Bankers, financiers and other advisers are set to collect roughly £300m in fees from the planned £9.5bn acquisition of UK grocery chain Wm Morrison by a private equity consortium led by US fund Fortress Investment.
The payouts were revealed on Thursday as the UK grocer released detailed information for its shareholders, who are set to vote on the bid on August 16.
The document showed that Fortress expected to incur more than £263m of fees, with the costs of arranging £5.75bn of interim financing accounting for more than half of that. It also estimated £36m of payments to advisers and brokers and £17m on legal costs.
Morrisons, which traces its origins back to a Bradford market stall in 1899, expected to incur £49m of costs, mostly fees to advisers Rothschild and brokers Shore Capital and Jefferies.
The terms of Fortress’s bid do not require Morrisons to pay a break fee if it recommends a rival bid.
The grocer’s directors have already recommended Fortress’s offer.
But private equity firm Clayton Dubilier and Rice has been given until August 9 to table a counter offer for the grocer.
CD&R’s 230p a share proposal for the supermarket group was rejected in June.
The Takeover Panel, which regulates takeovers involving public companies in the UK, said on Thursday that CD&R must make its intentions clear by 5pm on August 9 unless a third party makes another bid before then.
Most observers regard that as unlikely after Apollo, another private equity firm, abandoned plans for a rival offer. Instead, it may join the Fortress consortium, which also includes a Canadian pension fund and a subsidiary of US conglomerate Koch Industries.
CD&R declined to comment on its intentions.
At least three-quarters of Morrisons investors that vote on the Fortress offer must approve the proposal, but some major shareholders have voiced concerns about aspects of the transaction.
Fortress can delay proceeding with the takeover in the unlikely event that the UK’s competition regulator refers the takeover for a detailed “phase 2” inquiry, or the UK government signals that it will use powers granted during the Covid pandemic to block it.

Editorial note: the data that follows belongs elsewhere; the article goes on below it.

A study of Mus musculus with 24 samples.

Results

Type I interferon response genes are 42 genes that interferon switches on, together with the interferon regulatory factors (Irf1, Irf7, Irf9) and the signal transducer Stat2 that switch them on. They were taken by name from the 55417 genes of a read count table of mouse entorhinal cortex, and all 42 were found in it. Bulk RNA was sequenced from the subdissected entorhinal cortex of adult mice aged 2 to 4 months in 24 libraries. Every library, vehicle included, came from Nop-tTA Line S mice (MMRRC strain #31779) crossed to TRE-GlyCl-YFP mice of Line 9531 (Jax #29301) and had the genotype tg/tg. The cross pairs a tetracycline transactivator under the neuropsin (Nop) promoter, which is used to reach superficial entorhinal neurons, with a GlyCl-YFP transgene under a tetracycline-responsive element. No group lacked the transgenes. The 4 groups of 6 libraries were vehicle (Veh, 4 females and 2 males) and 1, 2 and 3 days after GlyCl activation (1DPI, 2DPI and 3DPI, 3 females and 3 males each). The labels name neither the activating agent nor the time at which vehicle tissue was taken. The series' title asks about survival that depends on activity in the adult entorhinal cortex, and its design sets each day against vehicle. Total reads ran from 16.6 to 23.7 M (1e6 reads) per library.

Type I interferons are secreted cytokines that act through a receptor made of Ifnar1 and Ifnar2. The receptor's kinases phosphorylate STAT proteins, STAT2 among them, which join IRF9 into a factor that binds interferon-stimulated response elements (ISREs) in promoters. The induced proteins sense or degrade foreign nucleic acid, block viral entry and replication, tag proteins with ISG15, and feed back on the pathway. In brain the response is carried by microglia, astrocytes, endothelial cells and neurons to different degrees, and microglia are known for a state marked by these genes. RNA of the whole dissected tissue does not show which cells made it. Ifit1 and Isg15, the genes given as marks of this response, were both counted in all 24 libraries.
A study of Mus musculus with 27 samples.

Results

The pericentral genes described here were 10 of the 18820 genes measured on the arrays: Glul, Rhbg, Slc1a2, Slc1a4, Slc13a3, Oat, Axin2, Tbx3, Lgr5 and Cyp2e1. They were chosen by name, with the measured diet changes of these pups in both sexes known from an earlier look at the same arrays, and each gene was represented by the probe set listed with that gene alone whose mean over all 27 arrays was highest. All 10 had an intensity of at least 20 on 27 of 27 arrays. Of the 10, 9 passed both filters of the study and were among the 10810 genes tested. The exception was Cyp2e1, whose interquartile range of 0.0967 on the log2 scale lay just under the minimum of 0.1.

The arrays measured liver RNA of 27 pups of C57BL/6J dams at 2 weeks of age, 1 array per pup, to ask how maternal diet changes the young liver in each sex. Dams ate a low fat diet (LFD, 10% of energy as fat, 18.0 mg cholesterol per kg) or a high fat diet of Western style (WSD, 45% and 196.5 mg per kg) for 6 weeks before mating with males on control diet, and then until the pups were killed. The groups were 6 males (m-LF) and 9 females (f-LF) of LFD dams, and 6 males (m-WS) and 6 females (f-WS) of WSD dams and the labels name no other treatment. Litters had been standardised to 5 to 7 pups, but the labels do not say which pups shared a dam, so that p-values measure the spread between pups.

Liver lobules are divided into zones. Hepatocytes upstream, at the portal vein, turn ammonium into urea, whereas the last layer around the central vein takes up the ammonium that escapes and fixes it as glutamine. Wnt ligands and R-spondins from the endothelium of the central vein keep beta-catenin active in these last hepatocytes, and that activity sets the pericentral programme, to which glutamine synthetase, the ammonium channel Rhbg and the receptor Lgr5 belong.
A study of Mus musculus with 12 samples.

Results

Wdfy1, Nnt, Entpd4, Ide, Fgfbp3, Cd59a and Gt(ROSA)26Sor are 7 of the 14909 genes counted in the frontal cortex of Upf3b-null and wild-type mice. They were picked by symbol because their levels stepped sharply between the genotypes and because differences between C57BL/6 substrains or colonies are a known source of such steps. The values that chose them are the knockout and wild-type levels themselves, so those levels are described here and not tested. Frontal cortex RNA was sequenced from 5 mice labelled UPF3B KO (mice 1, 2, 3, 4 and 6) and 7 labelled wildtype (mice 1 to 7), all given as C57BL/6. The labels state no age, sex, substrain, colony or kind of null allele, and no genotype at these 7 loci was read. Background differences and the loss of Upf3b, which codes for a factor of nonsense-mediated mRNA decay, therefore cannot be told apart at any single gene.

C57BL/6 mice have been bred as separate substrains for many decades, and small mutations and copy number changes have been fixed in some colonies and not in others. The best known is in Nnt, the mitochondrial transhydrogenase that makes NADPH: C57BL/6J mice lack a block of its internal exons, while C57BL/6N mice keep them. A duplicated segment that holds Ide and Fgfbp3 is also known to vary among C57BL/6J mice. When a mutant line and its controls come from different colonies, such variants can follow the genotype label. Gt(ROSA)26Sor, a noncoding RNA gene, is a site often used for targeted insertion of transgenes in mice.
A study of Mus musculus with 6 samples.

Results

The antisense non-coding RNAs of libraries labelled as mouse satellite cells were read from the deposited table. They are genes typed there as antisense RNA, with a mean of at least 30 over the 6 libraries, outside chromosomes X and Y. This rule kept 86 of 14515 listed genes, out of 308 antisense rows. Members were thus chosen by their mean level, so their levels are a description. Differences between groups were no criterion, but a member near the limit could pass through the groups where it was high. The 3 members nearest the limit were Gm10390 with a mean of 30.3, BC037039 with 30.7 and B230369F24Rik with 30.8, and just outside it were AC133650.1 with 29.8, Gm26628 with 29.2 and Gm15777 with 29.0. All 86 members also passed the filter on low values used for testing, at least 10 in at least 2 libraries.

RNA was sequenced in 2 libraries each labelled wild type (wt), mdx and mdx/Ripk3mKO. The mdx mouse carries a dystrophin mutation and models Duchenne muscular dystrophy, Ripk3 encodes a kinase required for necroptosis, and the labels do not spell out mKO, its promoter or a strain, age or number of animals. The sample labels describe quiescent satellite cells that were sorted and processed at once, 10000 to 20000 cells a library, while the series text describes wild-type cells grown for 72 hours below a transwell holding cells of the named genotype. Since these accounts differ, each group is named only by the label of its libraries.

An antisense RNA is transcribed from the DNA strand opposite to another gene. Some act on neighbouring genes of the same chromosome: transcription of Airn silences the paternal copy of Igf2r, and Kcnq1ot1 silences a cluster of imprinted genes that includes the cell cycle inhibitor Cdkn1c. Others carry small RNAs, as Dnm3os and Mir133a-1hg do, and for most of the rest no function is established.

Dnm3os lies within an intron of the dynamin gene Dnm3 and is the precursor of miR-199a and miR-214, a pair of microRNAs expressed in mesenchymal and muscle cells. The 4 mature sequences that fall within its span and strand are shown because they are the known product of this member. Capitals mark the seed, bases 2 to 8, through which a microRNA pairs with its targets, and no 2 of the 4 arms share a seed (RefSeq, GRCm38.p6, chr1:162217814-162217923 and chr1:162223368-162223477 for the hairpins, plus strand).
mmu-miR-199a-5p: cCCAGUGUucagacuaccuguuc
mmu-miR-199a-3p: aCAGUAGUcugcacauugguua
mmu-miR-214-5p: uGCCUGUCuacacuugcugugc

Fortress is broadly supportive of Morrisons’ existing management team, but said it would conclude a review of the company’s operations within the first six months of ownership, including its real estate strategy and executive remuneration arrangements.
It said investment in the business could include further acquisitions, and that it would be “assessing strategic options in respect of Morrisons’ portfolio of petrol filling stations”.
These would also likely feature in any CD&R proposal given that it also owns Motor Fuel Group. Selling fuel makes very little profit for supermarkets, although the working capital it generates reduces their need to borrow while fuel-related promotions drive footfall to the stores.
Mohsin and Zuber Issa, the Blackburn-based brothers who along with TDR Capital acquired Asda from Walmart earlier this year, have already sold the group’s petrol operations to their own company.
Denial of responsibility! Swiftheadline is an automatic aggregator around the global media. All the content are available free on Internet. We have just arranged it in one platform for educational purpose only. In each content, the hyperlink to the primary source is specified. All trademarks belong to their rightful owners, all materials to their authors. If you are the owner of the content and do not want us to publish your materials on our website, please contact us by email – email@example.com. The content will be deleted within 24 hours.